Child language brokers: the middle children.
Dr Sarah Crafter explores ‘child language brokers’ — children and young people who, following migration, act as translators and interpreters for family and friends.
My research focuses on children and young people who, following migration, act as translators and interpreters for family and friends who don’t speak the local language. Termed ‘child language brokers,’ their rapid language learning at school means they often linguistically mediate on behalf of family very soon after arrival — they also find themselves acting as cultural mediators as they navigate different institutional practices, norms and values. The brokering, which takes place across many spaces including school, healthcare, banking, housing and more, also takes different forms: face-to-face communication, telephone discussions and reading text and documents. Most importantly, it usually occurs between the child or young person and two or more adults, and can involve conversations that are sensitive or tricky to navigate.
Creative methods formed an important part of my study Child Language Brokering: Spaces of Belonging and Mediators of Cultural Knowledge (funded by the AHRC under the Translating Cultures Innovation Pathway). In conjunction with more traditional social science methods, it aimed to provide new understandings of how cultural knowledge and identity are mediated through child language brokering and to explore whether young people were aware of translating cultures. Arts-based methods gave the young people (aged 13–16 years) who took part a chance to talk about migration, language brokering and identity and our focus was on the narratives that emerged as part of that process. Another overall aim of the project was to raise awareness and visibility of the practice of language brokering and, as part of this, we ran two workshops, one involving drawing and the other sculpture.
The drawing workshop was led by Evangelia Prokopiou, a cultural psychologist with a background in using art for family therapy. Nine young people joined the workshop on a Saturday morning (a feat in itself!) and were asked to think about a specific occasion on which they had had to translate and to try to express how they felt about it. Afterwards they were asked to write down the story that described their drawing. The group then put their drawings together, deciding themselves what order the collection should follow, which facilitated a group discussion about how their stories and experiences were similar or different.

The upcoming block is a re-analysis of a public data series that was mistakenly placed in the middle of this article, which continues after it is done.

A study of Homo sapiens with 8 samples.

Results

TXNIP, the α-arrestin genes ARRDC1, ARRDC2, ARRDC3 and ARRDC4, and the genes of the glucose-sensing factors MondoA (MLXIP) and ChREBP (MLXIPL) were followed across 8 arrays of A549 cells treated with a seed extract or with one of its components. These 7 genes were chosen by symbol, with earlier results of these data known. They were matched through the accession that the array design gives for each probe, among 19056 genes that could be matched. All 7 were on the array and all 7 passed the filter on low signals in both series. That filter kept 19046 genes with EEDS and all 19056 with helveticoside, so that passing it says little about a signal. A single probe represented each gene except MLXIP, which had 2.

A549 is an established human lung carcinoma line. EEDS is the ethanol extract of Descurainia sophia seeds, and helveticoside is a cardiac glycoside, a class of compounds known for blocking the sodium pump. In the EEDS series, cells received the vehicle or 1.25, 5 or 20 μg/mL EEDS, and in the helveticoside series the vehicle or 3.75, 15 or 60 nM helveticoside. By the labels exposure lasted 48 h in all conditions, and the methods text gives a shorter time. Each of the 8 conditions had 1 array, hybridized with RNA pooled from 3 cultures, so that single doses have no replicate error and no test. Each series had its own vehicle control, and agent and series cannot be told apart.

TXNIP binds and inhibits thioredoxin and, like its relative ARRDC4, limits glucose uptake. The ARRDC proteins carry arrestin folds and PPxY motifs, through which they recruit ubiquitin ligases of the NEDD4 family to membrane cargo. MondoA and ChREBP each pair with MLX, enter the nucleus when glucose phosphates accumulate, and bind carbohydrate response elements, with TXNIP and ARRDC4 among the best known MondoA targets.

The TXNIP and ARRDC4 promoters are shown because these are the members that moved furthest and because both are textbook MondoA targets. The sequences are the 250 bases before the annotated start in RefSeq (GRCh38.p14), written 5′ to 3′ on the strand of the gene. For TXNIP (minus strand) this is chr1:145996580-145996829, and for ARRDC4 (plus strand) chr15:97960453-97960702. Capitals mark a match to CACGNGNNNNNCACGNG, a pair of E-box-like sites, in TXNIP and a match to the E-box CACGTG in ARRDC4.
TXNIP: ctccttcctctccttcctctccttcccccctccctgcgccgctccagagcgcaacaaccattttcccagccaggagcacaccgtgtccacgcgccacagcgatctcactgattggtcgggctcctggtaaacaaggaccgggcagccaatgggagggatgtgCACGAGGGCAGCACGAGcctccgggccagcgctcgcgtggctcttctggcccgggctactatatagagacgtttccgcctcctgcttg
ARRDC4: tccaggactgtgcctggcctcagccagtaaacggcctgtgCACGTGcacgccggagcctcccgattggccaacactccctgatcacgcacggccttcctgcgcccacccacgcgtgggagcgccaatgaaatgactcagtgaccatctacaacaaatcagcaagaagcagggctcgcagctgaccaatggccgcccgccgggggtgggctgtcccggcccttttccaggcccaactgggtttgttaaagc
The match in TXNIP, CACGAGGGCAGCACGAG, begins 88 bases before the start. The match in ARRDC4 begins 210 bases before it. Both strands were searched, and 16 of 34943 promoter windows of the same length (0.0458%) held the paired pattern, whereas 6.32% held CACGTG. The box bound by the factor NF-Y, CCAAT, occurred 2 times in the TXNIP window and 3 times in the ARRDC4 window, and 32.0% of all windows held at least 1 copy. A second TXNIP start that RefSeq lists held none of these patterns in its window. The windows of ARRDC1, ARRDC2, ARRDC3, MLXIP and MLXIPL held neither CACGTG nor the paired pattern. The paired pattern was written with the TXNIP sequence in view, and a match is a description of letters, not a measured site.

Some of their stories described the stressful side of language brokering. Estera, for example, told how her mum sometimes asked her to phone ‘someone very important’ and how stressful this was — especially if the person and her mum were both getting angry.
Others were more positive. Kokumo told us how she had once been in Italy with a friend who couldn’t speak English. When they bumped into two Japanese tourists who couldn’t speak Italian and were trying to find a specific piazza, Kokumo told them the road and bus route to get there. When her Italian friend wanted to know what was being said, the tourists thought he was talking about them. Kokumo eased the developing tension by explaining to each party what the other was trying to say and understand.
As part of our dissemination activities, we then had the stories re-designed by Kremena Dimitrova as an online comic book , which we exhibited in the two schools and during the Bloomsbury Festival in October 2016.
In another school, nine child language brokers took part in a series of sculpture workshops led by freelance artist and teaching assistant, Pia Jaime . Inspired by Ex-Votos — religious offerings that take the form of texts, paintings and symbols — she developed plaster hands the young people could paint and engrave with symbols and imagery related to their identity as language brokers. As they did so, they discussed their lives, often focusing on stories from before they had come to the UK. More formally, they also told us the narratives of their sculptures.
Ofelia’s hand, for example, tells the story of her identity as a positive person (strongly influenced by her mother) and the family story of a brother who died at the age of two and who she had never met. In the booklet she had re-written some treasured personal letters and messages from family back in Ecuador. These transnational kinship links and the maintenance of identity through shared language — the letters and the brother she had never met — represented ties of belonging and her links to her country of origin.
Creative methods not only allowed us access to the informal conversations about migration and language brokering experiences that occurred during the process of production, they also helped us develop a closer relationship with our respondents.
Dr Sarah Crafter is a Senior Lecturer at the Open University in the School of Psychology, and tweets from @SarahCrafter. This article was previously published in September 2017 on OpenLearn. You should subscribe to our newsletter for more free courses, articles, games and videos.